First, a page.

Amache National Historic Site Act
STATEMENT OF JOY BEASLEY, ASSOCIATE DIRECTOR FOR CULTURAL RESOURCES, PARTNERSHIPS AND SCIENCE, NATIONAL PARK SERVICE, U.S. DEPARTMENT OF THE INTERIOR, BEFORE THE SENATE ENERGY AND NATURAL RESOURCES SUBCOMMITTEE ON NATIONAL PARKS, CONCERNING H.R. 2497 AND S. 1284, BILLS TO ESTABLISH THE AMACHE NATIONAL HISTORIC SITE IN THE STATE OF COLORADO AS A UNIT OF THE NATIONAL PARK SYSTEM, AND FOR OTHER PURPOSES.
October 6, 2021
Chairman King, Ranking Member Daines, and members of the Subcommittee, thank you for the opportunity to present the views of the Department of the Interior (Department) on H.R. 2497 and S. 1284, bills to establish the Amache National Historic Site in the State of Colorado as a unit of the National Park System, and for other purposes.
The Department recognizes the important contribution to America’s story that is represented by the site known as Amache, where Japanese Americans were incarcerated during World War II. Congress authorized the Amache Special Resource Study as part of the John D. Dingell, Jr. Conservation, Management, and Recreation Act (P.L. 116-9), enacted on March 12, 2019. The NPS completed civic engagement in May 2021 and the public comment period for the Special Resource Study closed on June 30, 2021. The NPS is working closely with both internal and external subject matter experts to ensure the study captures the complexities and nuances of the history of Japanese American WWII incarceration. After reviewing all comments, the NPS will draft its assessment of whether the site meets the congressionally established criteria for inclusion in the National Park System, and the Department will transmit the study and recommendations to Congress.
H.R. 2497 and S. 1284 would establish the Amache National Historic Site as a unit of the National Park System when the Secretary of the Interior acquires sufficient land within the boundary of the site to constitute a manageable unit. The boundaries of the unit would be determined by a map that would be developed after enactment of the bill. The NPS would be required to develop a management plan for the site that does not interfere with existing use of existing facilities at the site. The bill would also allow for the establishment of administrative, visitor service, and curatorial facilities outside the boundaries of the site and for entering into agreements with other public and private entities to establish those facilities and for other purposes.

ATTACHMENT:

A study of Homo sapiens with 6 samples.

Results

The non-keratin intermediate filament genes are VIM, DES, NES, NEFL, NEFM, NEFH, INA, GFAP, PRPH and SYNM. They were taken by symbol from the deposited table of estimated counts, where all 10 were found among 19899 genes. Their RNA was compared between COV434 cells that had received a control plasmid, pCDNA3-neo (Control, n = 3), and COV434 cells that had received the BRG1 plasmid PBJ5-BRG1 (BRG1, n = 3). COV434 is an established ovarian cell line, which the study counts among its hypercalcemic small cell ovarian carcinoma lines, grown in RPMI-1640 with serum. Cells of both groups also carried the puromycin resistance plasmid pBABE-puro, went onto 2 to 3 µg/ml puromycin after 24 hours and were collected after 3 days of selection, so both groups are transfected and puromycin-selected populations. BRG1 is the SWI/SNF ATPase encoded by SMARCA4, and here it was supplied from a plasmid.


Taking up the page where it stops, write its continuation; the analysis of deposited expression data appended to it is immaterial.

Originally known as the Granada Relocation Center, Amache was one of ten incarceration sites established by the War Relocation Authority during World War II to forcibly remove, illegally detain, and incarcerate U.S. citizens and legal residents of Japanese ancestry from the West Coast of the United States under the terms of Executive Order 9066. Amache was constructed on approximately 10,000 acres of land and held about 10,000 people of Japanese descent between 1942 and 1945. It is located approximately one mile from the Town of Granada in southeastern Colorado. Amache was designated by the Secretary of the Interior as a National Historic Landmark on February 10, 2006.
The site is currently owned by the Town of Granada and maintained by the Amache Preservation Society. At the site, visitors can observe a historic cemetery, a monument, concrete building foundations, a road network, and other elements of the historic landscape that remain intact. Recent efforts to preserve Amache have led to the restoration of the original water tower, the reconstruction of a guard tower and residential barracks, and the current rehabilitation of a historic recreation hall. The NPS has provided technical and financial assistance for preservation and interpretation of the site through the Japanese American Confinement Sites Grant Program.
We appreciate the changes the House made to H.R. 2497 after the bill’s introduction. If the Committee decides to act on this legislation, we would like S.1284 to reflect the same amendments that were made to H.R. 2497.
Chairman King, Ranking Member Daines, thank you for the opportunity to appear before you today. I would be happy to answer any questions you or other members of the Subcommittee may have.